Thursday night, September 24, The 2015 Milwaukee Film Festival kicked off with Paolo Sorrentino’s “Youth.” This drama focuses on two elderly men spending their vacation at a luxurious hotel at the foot of the Alps. The film met with great reception, as audience members responded in laughs and tears at this exclusive screening.
“Youth” stars Michael Caine as retired composer Fred Ballinger and Harvey Keitel as director Mick Boyle. The two have great chemistry as they touch audiences through both perfectly-timed comedy and endearing, heart-wrenching moments. Rachel Weisz plays Caine’s daughter/assistant Lena, giving an outstanding performance that literally took the audience’s breath away during emotional confrontations with her father.
The film is better categorized as a dramedy than a drama because there are so many moments that are very tongue-in-cheek and witty with a kind of subtle humor that is a rare and special find in film. Caine’s comedic timing, in particular, is delightful to watch. However, there are certain sad moments that the audience took as comedy either because of how dry the humor is throughout, or because it was simply too dense for all viewers to grasp.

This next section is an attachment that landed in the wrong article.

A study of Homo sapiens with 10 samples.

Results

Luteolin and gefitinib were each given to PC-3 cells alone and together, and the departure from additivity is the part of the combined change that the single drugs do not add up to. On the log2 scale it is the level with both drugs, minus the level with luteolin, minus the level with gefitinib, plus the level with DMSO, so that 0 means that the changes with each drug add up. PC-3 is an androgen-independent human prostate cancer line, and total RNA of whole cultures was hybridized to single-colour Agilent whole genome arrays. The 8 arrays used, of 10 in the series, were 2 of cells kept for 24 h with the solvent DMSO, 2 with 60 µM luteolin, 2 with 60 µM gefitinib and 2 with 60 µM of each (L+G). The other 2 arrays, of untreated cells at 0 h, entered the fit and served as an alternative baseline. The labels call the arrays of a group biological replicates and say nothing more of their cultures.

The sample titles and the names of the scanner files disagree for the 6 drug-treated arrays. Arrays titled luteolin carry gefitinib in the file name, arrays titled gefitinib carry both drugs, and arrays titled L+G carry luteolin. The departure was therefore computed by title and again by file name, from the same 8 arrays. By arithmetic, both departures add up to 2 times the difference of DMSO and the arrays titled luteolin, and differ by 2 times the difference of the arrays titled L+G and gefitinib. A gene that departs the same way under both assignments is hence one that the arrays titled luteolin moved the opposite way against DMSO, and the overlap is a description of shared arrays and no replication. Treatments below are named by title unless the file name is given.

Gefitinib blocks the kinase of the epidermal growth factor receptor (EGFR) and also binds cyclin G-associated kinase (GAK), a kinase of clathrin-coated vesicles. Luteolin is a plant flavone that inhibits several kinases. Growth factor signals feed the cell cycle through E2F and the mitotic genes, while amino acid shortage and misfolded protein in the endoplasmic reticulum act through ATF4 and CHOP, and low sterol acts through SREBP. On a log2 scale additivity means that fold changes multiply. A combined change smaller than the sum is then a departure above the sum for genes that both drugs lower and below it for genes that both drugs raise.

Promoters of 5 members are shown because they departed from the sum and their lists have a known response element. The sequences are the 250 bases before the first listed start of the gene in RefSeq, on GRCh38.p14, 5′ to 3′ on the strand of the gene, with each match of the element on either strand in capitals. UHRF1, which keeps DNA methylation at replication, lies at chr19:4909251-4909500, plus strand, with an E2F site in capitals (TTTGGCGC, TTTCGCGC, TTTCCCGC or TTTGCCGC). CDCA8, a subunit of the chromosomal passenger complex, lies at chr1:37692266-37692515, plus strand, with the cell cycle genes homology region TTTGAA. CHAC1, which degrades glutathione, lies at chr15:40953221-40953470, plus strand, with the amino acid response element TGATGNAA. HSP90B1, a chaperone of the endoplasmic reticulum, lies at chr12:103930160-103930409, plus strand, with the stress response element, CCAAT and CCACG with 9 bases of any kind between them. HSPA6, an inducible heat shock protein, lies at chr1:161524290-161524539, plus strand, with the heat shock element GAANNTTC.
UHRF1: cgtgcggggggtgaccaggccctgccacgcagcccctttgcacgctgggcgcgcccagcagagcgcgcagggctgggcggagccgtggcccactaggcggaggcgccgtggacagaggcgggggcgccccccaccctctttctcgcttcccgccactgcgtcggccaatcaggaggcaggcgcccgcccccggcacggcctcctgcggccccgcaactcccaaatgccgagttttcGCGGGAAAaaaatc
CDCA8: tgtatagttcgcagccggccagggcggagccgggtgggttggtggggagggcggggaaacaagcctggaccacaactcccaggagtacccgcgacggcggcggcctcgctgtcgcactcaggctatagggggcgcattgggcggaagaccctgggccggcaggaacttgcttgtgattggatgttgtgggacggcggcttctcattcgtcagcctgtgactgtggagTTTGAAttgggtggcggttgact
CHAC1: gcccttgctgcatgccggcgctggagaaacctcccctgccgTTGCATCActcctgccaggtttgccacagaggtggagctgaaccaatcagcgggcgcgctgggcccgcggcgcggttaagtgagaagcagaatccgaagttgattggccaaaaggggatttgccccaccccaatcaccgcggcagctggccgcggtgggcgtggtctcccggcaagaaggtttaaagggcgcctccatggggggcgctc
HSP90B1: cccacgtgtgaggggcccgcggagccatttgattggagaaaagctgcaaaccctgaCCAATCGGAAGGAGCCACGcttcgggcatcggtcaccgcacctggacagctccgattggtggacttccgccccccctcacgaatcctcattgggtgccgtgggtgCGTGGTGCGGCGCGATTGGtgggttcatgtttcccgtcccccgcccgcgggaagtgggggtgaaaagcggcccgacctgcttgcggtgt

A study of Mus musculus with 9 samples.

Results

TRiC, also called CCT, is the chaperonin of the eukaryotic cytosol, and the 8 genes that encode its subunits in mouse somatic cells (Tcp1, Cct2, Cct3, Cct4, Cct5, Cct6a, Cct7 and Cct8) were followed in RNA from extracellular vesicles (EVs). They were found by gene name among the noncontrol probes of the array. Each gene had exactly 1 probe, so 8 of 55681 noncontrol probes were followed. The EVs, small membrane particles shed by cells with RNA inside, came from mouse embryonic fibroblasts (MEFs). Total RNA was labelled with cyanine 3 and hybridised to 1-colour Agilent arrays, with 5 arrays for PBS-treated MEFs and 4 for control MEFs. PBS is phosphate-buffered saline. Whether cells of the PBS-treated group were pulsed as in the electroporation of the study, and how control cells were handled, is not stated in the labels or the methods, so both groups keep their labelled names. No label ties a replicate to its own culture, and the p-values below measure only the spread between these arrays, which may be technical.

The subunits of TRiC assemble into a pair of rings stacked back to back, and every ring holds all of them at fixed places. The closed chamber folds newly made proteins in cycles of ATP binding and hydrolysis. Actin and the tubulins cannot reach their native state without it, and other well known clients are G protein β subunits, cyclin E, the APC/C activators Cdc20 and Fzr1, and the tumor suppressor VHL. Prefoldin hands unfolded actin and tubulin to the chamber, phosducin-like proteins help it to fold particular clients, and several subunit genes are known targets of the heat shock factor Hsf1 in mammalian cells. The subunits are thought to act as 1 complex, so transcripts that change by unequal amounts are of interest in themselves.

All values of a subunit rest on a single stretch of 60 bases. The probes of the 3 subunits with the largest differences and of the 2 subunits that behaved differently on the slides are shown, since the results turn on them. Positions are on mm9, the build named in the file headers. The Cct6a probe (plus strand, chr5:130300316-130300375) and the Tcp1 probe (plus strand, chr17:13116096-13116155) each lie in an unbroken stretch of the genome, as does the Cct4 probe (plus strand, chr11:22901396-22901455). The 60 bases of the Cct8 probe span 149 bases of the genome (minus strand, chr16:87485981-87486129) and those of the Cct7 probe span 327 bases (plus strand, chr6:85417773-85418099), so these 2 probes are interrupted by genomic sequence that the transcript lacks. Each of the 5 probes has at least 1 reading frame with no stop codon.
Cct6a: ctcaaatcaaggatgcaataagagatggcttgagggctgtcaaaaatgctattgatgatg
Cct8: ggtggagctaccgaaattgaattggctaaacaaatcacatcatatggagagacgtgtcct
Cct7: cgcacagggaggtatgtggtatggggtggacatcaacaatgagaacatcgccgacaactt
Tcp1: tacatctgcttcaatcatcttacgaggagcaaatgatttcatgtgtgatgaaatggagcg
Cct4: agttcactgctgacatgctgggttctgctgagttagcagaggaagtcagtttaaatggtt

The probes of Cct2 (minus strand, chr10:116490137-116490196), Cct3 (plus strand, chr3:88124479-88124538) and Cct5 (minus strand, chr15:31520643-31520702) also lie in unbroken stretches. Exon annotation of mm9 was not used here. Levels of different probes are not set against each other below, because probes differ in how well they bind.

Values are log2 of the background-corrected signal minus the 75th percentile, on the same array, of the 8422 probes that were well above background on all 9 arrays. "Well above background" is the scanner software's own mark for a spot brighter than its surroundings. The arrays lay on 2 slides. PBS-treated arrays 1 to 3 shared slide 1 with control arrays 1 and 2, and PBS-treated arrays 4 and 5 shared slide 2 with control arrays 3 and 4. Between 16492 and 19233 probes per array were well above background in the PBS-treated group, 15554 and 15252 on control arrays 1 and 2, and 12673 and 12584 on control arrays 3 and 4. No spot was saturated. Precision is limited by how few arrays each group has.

Many jokes within “Youth” are left in dead air for the audience to take as they may, and silence plays a major role in the film. More impressively, however, is the outstanding soundtrack and what both diegetic and non-diegetic music do for the storyline. Music is an almost ever-present entity that does wonders for letting the audience into the minds of the characters in a film that is otherwise very observatory in nature.
Editing and matching the music to the right scene is extremely important and the filmmakers definitely hit the mark there in “Youth.” One weakness in the editing is how often and far it jumps from characters and locations. It can feel a bit scattered and not unified at times. There is also a great deal of buildup in certain scenes that makes several moments feel like the end of the film, only for a comparatively mundane scene to follow.
Another element of “Youth” that is truly unique to anything you’re likely to see in film is the cinematography. The shots and cuts between them are very composed and deliberate in a way that makes it feel like you’re watching moving art. The incredible scenery in the Alps, structure of the shots, timing and selection of the editors, combined with the music, work together to immerse the audience into the minds of the characters. The cinematography and music, in particular, are crucial to telling the story and capturing the essence of the characters, what they’re feeling, and what they have in common.
“Youth” opens in theaters on December 4. For more information on “Youth”, visit its Milwaukee Film page.